15 April 2014

Network Rail is still in denial over level crossing deaths despite a Commons committee accusing it of "callous disregard" towards the victims' families, the TSSA said today.

Manuel Cortes, union general secretary, said it was still using "the dog ate my homework" defence nine years after the deaths of two school girls at Elsenham for which it was fined £1 million in 2012.

"Despite a fine of £1 million and a damning report from the Transport Select Committee, Network Rail is still claiming the dog ate my homework defence. It is still clinging to the wreckage of its original discredited defence at Elsenham when it incredibly effectively blamed Charlotte Thompson and Olivia Bazlinton for their own deaths by claiming they were trespassing.

"Even now it tells the committee they are reliant on the public using the crossings correctly, nothing about them failing to disclose their own safety reports which, if acted upon at the time, would have saved the girls lives."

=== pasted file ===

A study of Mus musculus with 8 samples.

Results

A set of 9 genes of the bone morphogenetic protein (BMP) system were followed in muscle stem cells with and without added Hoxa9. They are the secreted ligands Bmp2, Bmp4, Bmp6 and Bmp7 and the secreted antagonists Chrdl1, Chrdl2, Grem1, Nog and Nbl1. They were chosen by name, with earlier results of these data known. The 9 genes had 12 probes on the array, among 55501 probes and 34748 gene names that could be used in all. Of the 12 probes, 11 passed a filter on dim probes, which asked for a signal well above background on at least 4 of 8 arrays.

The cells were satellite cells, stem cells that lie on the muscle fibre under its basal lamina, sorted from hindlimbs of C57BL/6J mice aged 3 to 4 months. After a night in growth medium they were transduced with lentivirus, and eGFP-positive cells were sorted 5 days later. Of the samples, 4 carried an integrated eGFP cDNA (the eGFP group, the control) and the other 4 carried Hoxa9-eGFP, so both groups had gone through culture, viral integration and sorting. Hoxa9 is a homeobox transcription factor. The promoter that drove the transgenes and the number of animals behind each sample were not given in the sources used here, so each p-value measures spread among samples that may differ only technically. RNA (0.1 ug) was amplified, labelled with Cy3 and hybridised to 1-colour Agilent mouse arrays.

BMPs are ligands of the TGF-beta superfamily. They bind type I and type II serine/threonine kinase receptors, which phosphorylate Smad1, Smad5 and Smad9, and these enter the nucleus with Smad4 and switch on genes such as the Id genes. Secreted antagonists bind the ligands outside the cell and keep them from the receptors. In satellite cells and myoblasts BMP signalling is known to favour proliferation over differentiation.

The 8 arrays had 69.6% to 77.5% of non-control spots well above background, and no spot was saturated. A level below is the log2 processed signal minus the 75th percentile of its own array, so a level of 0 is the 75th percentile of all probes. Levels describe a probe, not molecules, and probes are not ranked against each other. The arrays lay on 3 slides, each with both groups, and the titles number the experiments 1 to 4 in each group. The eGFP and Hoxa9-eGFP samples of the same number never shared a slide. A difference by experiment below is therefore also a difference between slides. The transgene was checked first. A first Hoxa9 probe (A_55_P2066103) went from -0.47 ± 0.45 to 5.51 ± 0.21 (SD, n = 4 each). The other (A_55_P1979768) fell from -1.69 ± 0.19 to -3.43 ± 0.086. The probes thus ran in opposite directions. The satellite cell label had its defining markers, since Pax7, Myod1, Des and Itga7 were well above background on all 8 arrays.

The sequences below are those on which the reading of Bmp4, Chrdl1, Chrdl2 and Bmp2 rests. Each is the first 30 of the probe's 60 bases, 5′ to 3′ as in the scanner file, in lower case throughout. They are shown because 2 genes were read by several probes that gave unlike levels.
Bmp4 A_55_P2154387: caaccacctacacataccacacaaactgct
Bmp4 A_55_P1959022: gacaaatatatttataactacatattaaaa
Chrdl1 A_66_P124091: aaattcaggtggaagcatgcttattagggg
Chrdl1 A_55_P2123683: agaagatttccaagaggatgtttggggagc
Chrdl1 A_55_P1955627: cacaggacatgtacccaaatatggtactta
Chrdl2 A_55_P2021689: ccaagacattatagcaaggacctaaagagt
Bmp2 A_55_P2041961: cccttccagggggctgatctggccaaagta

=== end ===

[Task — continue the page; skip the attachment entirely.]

He added: "Once again, rather than deal with the victims families with humility and humanity, Network Rail prefers to hide behind their expensive team of lawyers."

He echoed the call from Louise Ellman, chair of the Transport Select Committee, for all bonuses to be cancelled this year for the five senior executive directors.


Network Rail in its response to the Committee yesterday, said: "We are, of course, reliant on the public using crossings correctly and adhering to signage, guidance and instructions. Rather tragically, we know this is not always the case."